As we know SIBus messaging engines allow using either data store or file store for persistence. These two stores together are termed as message store. In this blog, I will try to provide some tips to avoid common problems while using file store.
The Log file is circular write ahead log file containing data pertaining to active transactions and the data which is not yet written to the permanent store file. So, if SIBus uses file store, the data would be first written to this log file before it is moved into the permanent store file. Moving the data to the permanent store file is done at regular intervals using an internal process called checkpoint. Checkpoint is triggered for every 5000 transactions or when the log file is nearly full.
The Permanent Store file contains the data that survives beyond messaging engine restart or failure. It contains data pertaining to persistent (Reliable Persistent and Assured Persistent) messages.
The temporary store file stores the data related to non-persistence messages and does not survive after restart or failure of messaging engine. This file is used to store the spilled messages (Express Non Persistence, Reliable Non Persistence messages) from the java heap memory. Spilling occurs to effectively maintain java heap memory to accommodate new messages. These messages never go to log file. The temporary store file contents are truncated when the messaging engine starts.
Significant performance gains can be achieved by allocating dedicated disks for file store with their own battery systems for power backup. This essentially results into synchronous writes going into to cache rather than to disk which gains the performance. As the disks are backed up by their own power system, it would not cause cached data to be lost incase of general power failure.
Log File size
The log file size is determined by the amount of persistent data that is being written to the file store. It also determines the largest size of the messages that can be sent to file store. When the log file can not accommodate the data being written, a LogFileFullException is thrown. This is usually because a single large message or multiple large messages are sent before the file store can move them to the store files. If this exception is encountered the size of the Log file will need to be increased. Usually the default size is sufficient. Only testing using the extremes of message size and load expected can accurately determine if the default size is too small.
It is not always beneficial to simply allocate a significantly larger log file size. Because the size of the log file is used by algorithms that control the internal workings of the file store. An overly large log file will result in increased memory usage.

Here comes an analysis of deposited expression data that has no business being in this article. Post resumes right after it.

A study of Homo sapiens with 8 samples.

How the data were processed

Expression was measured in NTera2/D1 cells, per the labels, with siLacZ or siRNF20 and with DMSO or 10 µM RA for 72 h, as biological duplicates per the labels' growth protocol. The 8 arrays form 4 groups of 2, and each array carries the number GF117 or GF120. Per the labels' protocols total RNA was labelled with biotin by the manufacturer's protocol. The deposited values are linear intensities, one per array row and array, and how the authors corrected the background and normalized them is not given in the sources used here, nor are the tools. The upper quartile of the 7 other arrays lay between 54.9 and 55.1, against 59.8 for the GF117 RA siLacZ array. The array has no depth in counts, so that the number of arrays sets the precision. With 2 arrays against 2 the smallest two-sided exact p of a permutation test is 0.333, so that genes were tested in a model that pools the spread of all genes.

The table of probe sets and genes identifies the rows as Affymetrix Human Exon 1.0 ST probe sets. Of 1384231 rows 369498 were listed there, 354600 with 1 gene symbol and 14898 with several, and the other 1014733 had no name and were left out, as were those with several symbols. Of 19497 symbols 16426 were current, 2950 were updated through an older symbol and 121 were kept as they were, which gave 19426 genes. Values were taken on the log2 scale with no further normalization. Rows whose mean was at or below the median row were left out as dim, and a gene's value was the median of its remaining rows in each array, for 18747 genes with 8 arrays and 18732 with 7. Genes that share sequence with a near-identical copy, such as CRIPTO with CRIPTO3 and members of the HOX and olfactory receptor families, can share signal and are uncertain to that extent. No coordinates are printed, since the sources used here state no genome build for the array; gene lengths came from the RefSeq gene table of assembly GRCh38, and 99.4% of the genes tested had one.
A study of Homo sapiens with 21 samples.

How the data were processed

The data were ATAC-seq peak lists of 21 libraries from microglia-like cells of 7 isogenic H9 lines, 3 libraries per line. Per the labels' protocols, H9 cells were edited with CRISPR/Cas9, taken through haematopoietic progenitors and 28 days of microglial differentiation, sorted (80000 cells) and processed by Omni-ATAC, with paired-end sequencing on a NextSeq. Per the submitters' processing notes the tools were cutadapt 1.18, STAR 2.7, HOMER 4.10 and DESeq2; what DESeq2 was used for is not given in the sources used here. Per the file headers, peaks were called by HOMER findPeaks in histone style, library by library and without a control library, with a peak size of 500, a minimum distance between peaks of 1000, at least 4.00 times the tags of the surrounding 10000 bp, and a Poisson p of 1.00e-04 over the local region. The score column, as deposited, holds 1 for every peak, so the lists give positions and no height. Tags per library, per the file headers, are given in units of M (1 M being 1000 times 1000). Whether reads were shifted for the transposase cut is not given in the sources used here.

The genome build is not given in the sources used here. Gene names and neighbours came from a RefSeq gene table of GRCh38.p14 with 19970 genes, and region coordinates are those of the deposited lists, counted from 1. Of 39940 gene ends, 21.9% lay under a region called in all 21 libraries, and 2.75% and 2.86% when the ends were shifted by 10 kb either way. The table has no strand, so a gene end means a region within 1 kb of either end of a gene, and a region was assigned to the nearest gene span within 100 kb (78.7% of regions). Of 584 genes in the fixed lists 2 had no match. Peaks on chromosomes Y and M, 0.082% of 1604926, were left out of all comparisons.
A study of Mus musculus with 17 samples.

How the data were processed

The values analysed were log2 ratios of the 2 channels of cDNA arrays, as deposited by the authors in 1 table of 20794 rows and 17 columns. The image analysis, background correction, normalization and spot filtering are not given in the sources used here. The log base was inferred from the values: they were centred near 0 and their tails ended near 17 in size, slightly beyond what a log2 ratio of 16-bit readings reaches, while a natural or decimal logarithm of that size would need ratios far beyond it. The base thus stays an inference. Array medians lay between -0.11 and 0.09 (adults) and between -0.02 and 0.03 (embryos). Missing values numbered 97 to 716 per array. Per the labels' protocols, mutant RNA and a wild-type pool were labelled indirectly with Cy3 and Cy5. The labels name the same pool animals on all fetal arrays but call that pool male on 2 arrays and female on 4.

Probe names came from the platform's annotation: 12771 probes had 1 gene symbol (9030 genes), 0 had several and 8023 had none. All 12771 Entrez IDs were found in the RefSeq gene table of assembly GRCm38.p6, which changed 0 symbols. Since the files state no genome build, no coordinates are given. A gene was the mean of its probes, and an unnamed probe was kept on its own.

Permanent Store File size
The default permanent store file sizes are usually sufficient. However, only testing of a specific configuration can reveal what size permanent store file might be required. This testing involves filling each queue point with messages of the largest expected size (until the message high limit threshold is reached) when the permanent store file is set to unlimited. The permanent store file size reached during this test, plus the log file size is usually a safe size to use as the maximum permanent store file size.
The permanent store file maximum size is not intended to be the limit that prevents further messages being sent. This is because it is not only message data that is stored in the permanent store file. Queue data and protocol state data is also stored in the permanent store file. Instead, the high threshold of the queues should be used to prevent any more messages being sent.
Permanent store reports full when a contiguous free space can not be obtained to write entire log file. This might also happen when the log file size is over the half of the permanent store file. Once a store file is full, there is a remote chance that consuming all the messages will not result in the store being able to receive more data. At this point of time ObjectStoreFullException is thrown.
A rule of thumb to calculate minimum and maximum store file sizes is as follows.
Minimum store file size = 2 * log file size
Maximum store file size = 2 * minimum store file size + log file size
Should this problem occur, increasing the size of the store file by the size of the Log file and restarting the messaging engine will resolve the issue.